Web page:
India swine flu outbreak 'kills 94'
- 8 February 2013
- From the section India
An outbreak of swine flu in India has killed at least 94 people in just over five weeks, reports say.
The health ministry said more than 450 cases had been reported, mostly in the northern state of Rajasthan.
Officials say they are investigating the cause of the outbreak, with some experts saying low winter temperatures are to blame.
The H1N1 virus, which causes swine flu, first appeared in Mexico in 2009 and rapidly spread around the world.
It killed 981 Indians in 2009, 1,763 in 2010, 75 in 2011 and 405 last year.
It is thought the virus has killed 200,000 people around the world.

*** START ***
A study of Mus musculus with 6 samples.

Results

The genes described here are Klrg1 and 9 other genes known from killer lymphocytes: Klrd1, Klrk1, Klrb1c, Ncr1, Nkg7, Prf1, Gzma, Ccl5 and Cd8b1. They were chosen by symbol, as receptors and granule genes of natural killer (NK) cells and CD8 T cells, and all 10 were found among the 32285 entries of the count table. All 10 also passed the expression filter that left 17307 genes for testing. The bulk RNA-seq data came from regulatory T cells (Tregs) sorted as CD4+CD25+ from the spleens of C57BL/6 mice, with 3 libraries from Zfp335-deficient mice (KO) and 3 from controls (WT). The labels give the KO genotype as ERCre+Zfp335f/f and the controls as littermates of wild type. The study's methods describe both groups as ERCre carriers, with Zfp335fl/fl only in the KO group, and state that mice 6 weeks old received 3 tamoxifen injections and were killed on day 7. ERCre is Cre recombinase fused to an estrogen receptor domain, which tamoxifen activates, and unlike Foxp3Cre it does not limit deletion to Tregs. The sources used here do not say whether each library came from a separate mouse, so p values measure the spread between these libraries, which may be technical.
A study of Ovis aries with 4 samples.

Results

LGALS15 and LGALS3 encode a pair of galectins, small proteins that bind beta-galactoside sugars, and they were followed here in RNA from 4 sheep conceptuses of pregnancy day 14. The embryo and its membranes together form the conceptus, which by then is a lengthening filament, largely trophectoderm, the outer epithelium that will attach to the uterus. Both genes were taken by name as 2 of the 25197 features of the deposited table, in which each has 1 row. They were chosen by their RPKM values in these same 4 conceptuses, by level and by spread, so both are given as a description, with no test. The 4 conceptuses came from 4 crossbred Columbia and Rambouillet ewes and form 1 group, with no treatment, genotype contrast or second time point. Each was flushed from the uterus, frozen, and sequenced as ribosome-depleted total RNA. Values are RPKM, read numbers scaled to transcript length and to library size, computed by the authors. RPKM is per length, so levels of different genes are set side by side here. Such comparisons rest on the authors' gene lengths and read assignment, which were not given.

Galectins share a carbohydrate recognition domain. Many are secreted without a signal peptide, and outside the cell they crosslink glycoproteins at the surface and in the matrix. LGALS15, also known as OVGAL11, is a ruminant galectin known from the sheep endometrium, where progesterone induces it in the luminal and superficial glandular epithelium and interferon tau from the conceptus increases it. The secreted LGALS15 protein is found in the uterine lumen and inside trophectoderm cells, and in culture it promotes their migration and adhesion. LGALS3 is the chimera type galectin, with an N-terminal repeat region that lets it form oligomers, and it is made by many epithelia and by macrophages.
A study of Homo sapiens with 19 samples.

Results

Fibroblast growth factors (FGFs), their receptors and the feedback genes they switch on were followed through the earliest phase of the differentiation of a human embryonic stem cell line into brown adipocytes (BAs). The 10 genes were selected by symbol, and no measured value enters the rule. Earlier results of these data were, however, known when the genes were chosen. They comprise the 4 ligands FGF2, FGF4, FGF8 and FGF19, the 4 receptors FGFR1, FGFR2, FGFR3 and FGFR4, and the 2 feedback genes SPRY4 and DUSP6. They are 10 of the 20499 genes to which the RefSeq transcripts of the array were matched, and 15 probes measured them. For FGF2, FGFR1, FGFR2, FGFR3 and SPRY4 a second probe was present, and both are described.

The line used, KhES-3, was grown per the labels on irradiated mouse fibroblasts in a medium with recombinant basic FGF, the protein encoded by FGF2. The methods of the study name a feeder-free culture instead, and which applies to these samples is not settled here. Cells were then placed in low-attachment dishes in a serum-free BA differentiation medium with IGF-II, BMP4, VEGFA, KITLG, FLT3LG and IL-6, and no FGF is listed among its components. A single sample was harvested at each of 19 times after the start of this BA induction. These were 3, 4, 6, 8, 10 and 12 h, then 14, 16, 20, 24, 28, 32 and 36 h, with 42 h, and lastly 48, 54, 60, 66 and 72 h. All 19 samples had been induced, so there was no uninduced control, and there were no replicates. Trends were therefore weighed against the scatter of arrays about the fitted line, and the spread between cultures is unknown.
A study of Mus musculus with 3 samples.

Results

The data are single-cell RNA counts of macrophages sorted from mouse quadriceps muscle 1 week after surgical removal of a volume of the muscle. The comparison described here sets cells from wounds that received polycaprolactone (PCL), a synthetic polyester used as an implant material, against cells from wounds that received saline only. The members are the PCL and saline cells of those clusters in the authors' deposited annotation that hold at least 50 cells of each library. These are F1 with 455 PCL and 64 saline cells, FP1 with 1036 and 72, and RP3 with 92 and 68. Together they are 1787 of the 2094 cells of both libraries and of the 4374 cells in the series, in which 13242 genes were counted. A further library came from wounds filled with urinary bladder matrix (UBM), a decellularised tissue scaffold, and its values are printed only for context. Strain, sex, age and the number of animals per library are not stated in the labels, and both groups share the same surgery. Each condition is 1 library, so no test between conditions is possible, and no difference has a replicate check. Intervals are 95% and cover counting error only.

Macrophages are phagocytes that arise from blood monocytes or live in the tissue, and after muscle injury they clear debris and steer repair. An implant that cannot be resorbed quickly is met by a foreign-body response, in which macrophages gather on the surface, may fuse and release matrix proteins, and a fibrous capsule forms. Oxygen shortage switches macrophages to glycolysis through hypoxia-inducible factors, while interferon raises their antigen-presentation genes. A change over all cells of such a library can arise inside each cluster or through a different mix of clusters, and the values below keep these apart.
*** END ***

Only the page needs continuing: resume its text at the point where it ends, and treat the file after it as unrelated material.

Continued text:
Indian officials said 246 cases had been recorded in Rajasthan, where 54 people had died. The capital, Delhi, has reported three deaths so far.
But, with more than 60 cases reported in the city in 2013, Delhi authorities have ordered 22 hospitals - including five private clinics - to set up isolation wards to treat cases of swine flu.
Health officials said there was "no need for panic", but advised people to take precautions "for prevention and management of the disease".
Swine flu is a respiratory disease which is caused by a strain of the influenza type A virus known as H1N1.
Although the disease originated in pigs, it is now a wholly human disease and is spread by coughing and sneezing.
Scientists say symptoms of swine flu in humans appear to be similar to those produced by standard, seasonal flu - fever, cough, sore throat, body aches and chills. Some people with the virus also experience nausea and diarrhoea.
Experts say vulnerable groups include pregnant women, children under five, the over-65s and those with serious conditions such as heart disease, asthma, diabetes or immunosuppressive illnesses.